You know that stuff your new TV comes packed in when you open the box and what it has to do with our shifting culture?
There was a story out of Vancouver, Washington six years ago today about foam – that’s right foam – being used as the foundation of the road under construction where I-5 intersects I-205. Geofoam blocks will “help hold up the approaches to a new bridge plus new freeway ramps connecting to it.”
Foam to hold up the approach to a bridge? We’re going to be driving over foam?
The reason for using this ‘packing-material’ is because of the “soft, unstable soil on the site. The ground is Jell-O underneath.”
And, believe it or not, this foam is better than dirt in the event of an earthquake.
Here’s what Andrew Fiske, a geotechnical engineer with the Washington State Department of Transportation, said about the shapeable, foundational foam: “we can dictate the strength requirements.”
That right there, that statement, is so profound, so penetratingly perceptive, so gi-hugically important, here it is again:
“We can dictate the strength requirements.”
On a scale of 1-10 for the importance of history-making and history-changing decisions, nothing surpasses by way of significant preparation undergirding the ability to one day stand rock solid while everything shifts all around, than the quiet, contemplative, never-garnering-headlines agreement of a mom and dad by which they intend, day-in and day-out, to pack and shape their children with strength-dictated material.
Kids who are cut from the same block of Styrofoam that characterized their parents don’t need a Universal Visitation, government-imposed, costly-in-the-extreme, state-parenting program.
Kids who come packaged with the same structural dictates that provided the framework by which their parents were raised, and their parents before them, don’t join gangs; know their boundaries; and confine their graffiti to the art projects as assigned at school.
Personal conviction, principled conscience, and the perceptive-driven capability by which to distinguish right from wrong, are all parentally – not governmentally, nor even academically – instilled.
In fact, it may be legitimately claimed that courage and boldness and endurance and perseverance and the rather radical demonstration of such qualities – are all synonymous.
And are all best learned at home.
When all else around is Jell-0, aka our world today, may moms and dads understand and undertake their most important job – that of raising and shaping their children from such structural, strength-dictated foam-like qualities.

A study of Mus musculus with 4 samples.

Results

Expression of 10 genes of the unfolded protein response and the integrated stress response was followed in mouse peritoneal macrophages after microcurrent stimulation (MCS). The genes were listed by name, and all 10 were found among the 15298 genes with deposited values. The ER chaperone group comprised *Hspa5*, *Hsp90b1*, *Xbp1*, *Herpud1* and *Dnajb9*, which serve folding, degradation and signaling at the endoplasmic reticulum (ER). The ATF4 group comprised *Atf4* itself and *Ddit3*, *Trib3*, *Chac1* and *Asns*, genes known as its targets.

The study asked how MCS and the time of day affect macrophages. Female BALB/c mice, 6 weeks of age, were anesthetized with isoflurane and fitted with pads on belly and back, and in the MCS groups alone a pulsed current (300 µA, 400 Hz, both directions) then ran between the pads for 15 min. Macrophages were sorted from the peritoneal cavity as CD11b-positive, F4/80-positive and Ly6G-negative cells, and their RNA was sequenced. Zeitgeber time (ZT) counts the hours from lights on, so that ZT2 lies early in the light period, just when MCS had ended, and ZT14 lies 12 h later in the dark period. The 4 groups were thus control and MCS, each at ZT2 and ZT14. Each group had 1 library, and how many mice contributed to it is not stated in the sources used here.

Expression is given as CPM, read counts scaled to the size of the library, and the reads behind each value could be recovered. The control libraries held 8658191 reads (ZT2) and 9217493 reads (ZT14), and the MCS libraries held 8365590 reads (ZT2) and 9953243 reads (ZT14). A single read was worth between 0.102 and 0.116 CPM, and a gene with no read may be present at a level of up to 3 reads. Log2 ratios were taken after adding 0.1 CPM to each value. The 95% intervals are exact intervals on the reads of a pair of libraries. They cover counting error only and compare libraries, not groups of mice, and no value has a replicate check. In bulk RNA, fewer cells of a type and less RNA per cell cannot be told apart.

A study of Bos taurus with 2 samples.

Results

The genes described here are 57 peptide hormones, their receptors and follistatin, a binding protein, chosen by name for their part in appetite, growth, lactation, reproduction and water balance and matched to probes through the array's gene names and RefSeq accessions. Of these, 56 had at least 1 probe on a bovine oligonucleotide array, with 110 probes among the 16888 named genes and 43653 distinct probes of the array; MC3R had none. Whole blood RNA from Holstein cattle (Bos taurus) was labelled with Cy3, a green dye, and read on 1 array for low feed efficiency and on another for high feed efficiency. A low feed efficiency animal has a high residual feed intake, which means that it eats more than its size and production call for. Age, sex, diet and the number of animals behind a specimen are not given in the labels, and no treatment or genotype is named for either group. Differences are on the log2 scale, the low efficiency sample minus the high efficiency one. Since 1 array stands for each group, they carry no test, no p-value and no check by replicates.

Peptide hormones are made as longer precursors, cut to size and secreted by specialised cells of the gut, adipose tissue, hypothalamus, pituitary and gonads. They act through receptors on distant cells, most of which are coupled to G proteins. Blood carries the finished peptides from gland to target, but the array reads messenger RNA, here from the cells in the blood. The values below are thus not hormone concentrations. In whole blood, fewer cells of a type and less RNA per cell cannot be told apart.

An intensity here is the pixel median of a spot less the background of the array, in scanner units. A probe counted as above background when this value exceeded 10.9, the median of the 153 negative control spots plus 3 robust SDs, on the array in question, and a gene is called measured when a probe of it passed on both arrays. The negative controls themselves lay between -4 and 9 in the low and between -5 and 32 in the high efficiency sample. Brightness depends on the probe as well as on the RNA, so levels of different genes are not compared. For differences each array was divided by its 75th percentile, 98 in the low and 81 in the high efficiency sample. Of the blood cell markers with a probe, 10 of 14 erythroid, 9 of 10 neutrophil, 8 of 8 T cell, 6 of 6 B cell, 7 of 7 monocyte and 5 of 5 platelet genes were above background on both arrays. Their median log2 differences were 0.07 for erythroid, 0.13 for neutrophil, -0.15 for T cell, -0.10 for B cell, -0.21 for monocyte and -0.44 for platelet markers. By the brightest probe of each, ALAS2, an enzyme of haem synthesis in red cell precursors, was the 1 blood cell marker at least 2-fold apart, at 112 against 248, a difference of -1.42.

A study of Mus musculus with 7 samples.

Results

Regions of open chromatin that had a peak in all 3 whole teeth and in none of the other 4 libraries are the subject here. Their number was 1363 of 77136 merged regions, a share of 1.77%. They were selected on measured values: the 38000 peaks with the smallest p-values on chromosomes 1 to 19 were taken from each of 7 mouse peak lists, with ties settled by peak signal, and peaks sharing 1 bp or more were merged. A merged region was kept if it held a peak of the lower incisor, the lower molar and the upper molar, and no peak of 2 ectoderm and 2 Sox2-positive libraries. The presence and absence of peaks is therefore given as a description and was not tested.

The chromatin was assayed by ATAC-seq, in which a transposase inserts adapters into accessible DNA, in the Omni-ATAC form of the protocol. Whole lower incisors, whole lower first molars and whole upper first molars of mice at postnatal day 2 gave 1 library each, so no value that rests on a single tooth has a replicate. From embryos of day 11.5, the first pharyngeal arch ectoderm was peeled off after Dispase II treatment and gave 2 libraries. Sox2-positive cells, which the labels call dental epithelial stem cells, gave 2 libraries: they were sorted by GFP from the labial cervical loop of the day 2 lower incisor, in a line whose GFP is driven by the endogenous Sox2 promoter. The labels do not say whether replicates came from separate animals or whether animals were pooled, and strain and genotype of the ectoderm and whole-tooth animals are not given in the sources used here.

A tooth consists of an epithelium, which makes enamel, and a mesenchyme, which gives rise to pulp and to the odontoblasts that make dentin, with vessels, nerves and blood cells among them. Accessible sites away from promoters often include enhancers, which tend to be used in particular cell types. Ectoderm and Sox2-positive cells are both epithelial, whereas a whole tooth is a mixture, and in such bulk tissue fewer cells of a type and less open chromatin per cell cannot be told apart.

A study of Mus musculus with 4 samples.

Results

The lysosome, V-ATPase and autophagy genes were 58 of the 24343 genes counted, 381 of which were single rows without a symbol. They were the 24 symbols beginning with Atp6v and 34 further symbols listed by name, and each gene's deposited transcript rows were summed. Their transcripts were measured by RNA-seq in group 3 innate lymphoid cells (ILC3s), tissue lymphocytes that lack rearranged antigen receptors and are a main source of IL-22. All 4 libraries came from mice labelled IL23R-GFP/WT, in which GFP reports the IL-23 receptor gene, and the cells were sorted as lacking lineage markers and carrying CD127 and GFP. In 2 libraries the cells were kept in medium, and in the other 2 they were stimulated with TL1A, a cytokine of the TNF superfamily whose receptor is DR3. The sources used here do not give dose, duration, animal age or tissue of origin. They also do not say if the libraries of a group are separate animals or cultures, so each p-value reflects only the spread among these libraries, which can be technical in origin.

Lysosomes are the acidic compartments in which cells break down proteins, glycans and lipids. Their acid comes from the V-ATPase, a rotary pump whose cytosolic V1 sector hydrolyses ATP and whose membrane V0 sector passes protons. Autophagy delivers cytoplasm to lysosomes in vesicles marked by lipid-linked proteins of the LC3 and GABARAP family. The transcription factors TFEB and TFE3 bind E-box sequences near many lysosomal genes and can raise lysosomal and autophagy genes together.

Those who travel over this road ahead are depending upon it.
Joan Campion says
Proverbs 22:6 Train up a child in the way he should go, and when he is old he will not depart from it.
Unfortunately that is what is missing in so much of today’s society.
David Anderson says
It’s interesting that the Greek translation of the Hebrew word ‘train’ here is gumnos from which we get our English word ‘gymnasium’. It literally means ‘naked’ which is all to say that from the time a child is ‘naked’, i.e. born, the gymnaseum-like child-raising parental workouts begin.
Frances Rawlings says
David, I enjoyed your thoughts about child rearing and agree completely. A child needs boundries that are secure and safe. They need to learn respect for their parents, elders, teachers and others in authority. I’m not saying that children have to be denied fun in their lives, but the first and most important lesson is obedience. Obedient children are a joy to be around, and it takes hard work and consistency to do this.
Dieter Mielimonka says
David: I think the “naked” refers more to the Greek athletes who performed naked in the gymnasium or the arena or during the Olympics than to a naked child. For that reason women weren’t allowed as spectators. I think that’s what our Greek guide told us when we visited that country.
David Anderson says
In further research, as a result of your comment, I discovered that in fact the LXX – abbreviation for the Septuagint, the Greek translation of the Old Testament – all the early manuscripts of the Septuagint skip right over this verse. Verse five is there, as is verse 7, but no Greek rendition of verse six.
So, where I came by this notion that gumnos translated the Hebrew word for ‘train’ as “naked” I don’t know.
What I do know is that the Hebrew word for ‘train’ – chanok – means “to put something into the mouth” as a nurse would give infants their food. By extension then the idea of the word came to signify “to give elementary instruction.”
So, while gumnos does mean naked, and could very well refer to the games, it is used several times in the New Testament and each time refers to being laid bare.
The analogy and the truth fits child rearing nonetheless. It starts from day one.
Dieter Mielimonka says
Interesting, thanks. So why couldn’t gumnos have a double meaning as the English word “wind” (one of many). The wind blows while I wind my watch. Innumerable things are possible with languages.